Health minister takes first-hand look at Cape Breton Cancer Centre expansion
SYDNEY — Nova Scotia Health Minister Maureen MacDonald took her first tour of the Cape Breton Cancer Centre expansion project now underway at the Cape Breton Regional Hospital, Monday.
Following the minister’s tour, Cape Breton District Health Authority chief executive officer John Malcom said patients will be able to get better care closer to home when the cancer centre expansion is complete and new radiation therapy treatment equipment becomes operational in July or August.
The area under construction is sectioned off from the cancer centre by large plastic dividing walls. Once inside, exposed concrete floors and layers of stacked drywall fill corners of the otherwise empty space.
“For me, it’s being able to understand what treatment options are available to people close to home and whether or not we’re able to get them timely access,” MacDonald said when asked why she wanted to tour the facility.
Each day 100 people rely on the Cape Breton Cancer Centre for diagnosis and treatment. Last year, there were more than 30,000 patient visits.
The $8-million centre expansion will allow the health authority to treat many more patients, more efficiently.
“It means a decade of radiation therapy securely provided. It’s a second linear accelerator so we’re going to be able to provide more care to more people in Cape Breton. It secures the future for the next decade for cancer care here on the island,” Malcom said.
A linear accelerator is a machine that precisely targets radiation beams at a cancer patient’s tumour. It will be able to perform intensity modulated radiation therapy to be more accurate and cause less damage to surrounding tissue.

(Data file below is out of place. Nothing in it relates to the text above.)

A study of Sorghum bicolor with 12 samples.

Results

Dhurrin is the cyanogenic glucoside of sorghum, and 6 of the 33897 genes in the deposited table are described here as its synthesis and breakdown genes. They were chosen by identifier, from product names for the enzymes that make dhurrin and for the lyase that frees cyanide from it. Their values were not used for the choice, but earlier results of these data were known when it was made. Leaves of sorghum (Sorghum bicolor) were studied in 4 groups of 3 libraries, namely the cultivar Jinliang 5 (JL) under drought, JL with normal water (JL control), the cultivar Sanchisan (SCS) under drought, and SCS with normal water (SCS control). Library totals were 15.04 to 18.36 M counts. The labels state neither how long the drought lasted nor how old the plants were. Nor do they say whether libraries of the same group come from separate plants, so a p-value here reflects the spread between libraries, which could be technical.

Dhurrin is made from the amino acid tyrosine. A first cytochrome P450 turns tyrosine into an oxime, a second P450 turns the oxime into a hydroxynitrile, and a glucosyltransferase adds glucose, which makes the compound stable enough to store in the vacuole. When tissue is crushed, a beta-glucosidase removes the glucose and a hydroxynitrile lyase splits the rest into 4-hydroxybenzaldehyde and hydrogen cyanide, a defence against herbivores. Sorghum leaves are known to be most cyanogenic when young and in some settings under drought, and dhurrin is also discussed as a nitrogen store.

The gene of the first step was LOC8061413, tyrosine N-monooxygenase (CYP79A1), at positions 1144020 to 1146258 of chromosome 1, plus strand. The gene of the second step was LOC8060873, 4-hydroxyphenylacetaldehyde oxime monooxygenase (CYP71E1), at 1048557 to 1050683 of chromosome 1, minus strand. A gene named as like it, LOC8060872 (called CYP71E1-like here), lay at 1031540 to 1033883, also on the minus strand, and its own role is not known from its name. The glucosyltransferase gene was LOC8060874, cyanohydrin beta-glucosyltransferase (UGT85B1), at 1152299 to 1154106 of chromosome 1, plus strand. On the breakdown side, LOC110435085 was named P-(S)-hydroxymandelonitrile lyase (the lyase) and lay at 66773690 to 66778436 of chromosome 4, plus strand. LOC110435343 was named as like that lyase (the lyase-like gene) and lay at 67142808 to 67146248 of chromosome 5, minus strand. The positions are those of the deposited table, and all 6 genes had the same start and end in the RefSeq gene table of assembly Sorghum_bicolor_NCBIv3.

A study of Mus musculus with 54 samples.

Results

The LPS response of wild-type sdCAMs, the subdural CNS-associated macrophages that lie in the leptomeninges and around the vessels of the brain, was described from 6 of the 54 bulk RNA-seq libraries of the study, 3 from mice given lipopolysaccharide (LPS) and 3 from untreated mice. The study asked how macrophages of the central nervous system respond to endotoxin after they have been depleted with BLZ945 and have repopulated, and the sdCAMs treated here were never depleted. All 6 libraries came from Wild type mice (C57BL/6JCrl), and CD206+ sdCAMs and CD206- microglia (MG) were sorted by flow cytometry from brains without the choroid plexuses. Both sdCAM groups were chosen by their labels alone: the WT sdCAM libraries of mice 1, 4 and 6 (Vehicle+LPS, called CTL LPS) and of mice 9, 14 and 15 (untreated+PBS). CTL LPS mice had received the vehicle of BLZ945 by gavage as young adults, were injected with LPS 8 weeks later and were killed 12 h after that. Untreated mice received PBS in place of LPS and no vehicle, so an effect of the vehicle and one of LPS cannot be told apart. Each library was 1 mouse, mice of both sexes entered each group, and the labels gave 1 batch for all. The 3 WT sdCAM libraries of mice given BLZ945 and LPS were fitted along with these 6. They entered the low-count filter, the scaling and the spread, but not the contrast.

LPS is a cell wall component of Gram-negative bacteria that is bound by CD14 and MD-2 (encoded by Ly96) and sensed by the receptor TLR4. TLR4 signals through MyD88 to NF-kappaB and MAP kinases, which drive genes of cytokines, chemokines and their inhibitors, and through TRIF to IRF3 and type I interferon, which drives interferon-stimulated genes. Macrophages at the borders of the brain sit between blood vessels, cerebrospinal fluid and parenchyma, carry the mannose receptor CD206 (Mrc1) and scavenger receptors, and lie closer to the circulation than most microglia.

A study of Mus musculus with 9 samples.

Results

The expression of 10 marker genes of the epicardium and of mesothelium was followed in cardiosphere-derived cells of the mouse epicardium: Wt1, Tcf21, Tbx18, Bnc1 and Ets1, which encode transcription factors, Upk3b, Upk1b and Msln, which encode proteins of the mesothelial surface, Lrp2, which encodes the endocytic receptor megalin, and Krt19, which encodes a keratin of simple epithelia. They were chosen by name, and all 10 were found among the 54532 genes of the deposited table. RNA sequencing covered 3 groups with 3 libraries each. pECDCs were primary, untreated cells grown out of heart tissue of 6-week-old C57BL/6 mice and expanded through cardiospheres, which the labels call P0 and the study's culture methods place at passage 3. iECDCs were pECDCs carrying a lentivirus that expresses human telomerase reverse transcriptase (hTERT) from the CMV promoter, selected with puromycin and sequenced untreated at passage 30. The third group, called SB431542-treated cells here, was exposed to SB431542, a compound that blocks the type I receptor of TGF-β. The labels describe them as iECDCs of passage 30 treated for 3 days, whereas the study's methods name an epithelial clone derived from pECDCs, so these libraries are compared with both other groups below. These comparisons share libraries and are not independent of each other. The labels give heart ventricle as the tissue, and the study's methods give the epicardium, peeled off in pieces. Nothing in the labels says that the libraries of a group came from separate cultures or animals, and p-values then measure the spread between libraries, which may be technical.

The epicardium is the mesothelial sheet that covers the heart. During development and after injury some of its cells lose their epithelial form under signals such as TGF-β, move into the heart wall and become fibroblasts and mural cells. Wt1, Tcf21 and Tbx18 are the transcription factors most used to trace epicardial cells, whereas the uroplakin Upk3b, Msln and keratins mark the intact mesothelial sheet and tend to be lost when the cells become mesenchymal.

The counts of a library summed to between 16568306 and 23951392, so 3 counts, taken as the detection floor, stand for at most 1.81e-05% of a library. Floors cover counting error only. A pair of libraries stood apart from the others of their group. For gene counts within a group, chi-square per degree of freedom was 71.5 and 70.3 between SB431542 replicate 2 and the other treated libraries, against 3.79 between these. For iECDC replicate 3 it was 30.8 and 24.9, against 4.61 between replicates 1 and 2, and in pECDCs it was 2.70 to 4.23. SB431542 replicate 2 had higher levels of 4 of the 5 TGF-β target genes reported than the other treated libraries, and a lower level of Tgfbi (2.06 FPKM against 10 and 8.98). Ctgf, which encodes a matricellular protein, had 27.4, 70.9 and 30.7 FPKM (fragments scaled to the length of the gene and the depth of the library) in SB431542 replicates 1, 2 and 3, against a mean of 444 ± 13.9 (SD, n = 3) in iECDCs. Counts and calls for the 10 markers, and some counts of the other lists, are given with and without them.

The procedure is only available in Halifax at the moment, resulting in the longest wait times in the province. Once the team at the Cape Breton Cancer Centre is fully trained on the new machine after it arrives in April, patients will no longer have to make the four-hour drive to Halifax.
Cancer patient David Sneddon said he spoke to MacDonald briefly about the importance of having a cancer centre in his community.
“It’s the ability to be able to go home, rest up and relax in the comfort of your own home surrounded by your friends and family. There’s just absolutely no comparison,” said Sneddon, a retired Cape Breton University professor who was diagnosed with prostate cancer in October.
“If you’ve got a prostate and you’re 40-plus, get it checked because I had no symptoms.”
Using a financial expert to help explain some of the factors working against the three branches, the company said statistics show a decline in the number of area residents who are within the 20-30 age range.
The company says people within that age group are the biggest spenders becuase they often need loans to purchase cars and homes.
Hastings said to further investigate the economic prospects of keeping the branches open, the board has decided to put together a working committee of financial experts, credit union board members and customers. He said the company believes it could capture more business by having customers switch financial services to their credit union branch.
A study on the operation of East Coast Credit Union is expected to take place over the next 12-18 months.
Health Minister Maureen MacDonald, centre, and Deputy Premier Frank Corbett, left, speak with John Grant, chief physicist with the Cape Breton Cancer Centre, during a tour of the cancer centre expansion project at the Cape Breton Regional Hospital, Monday.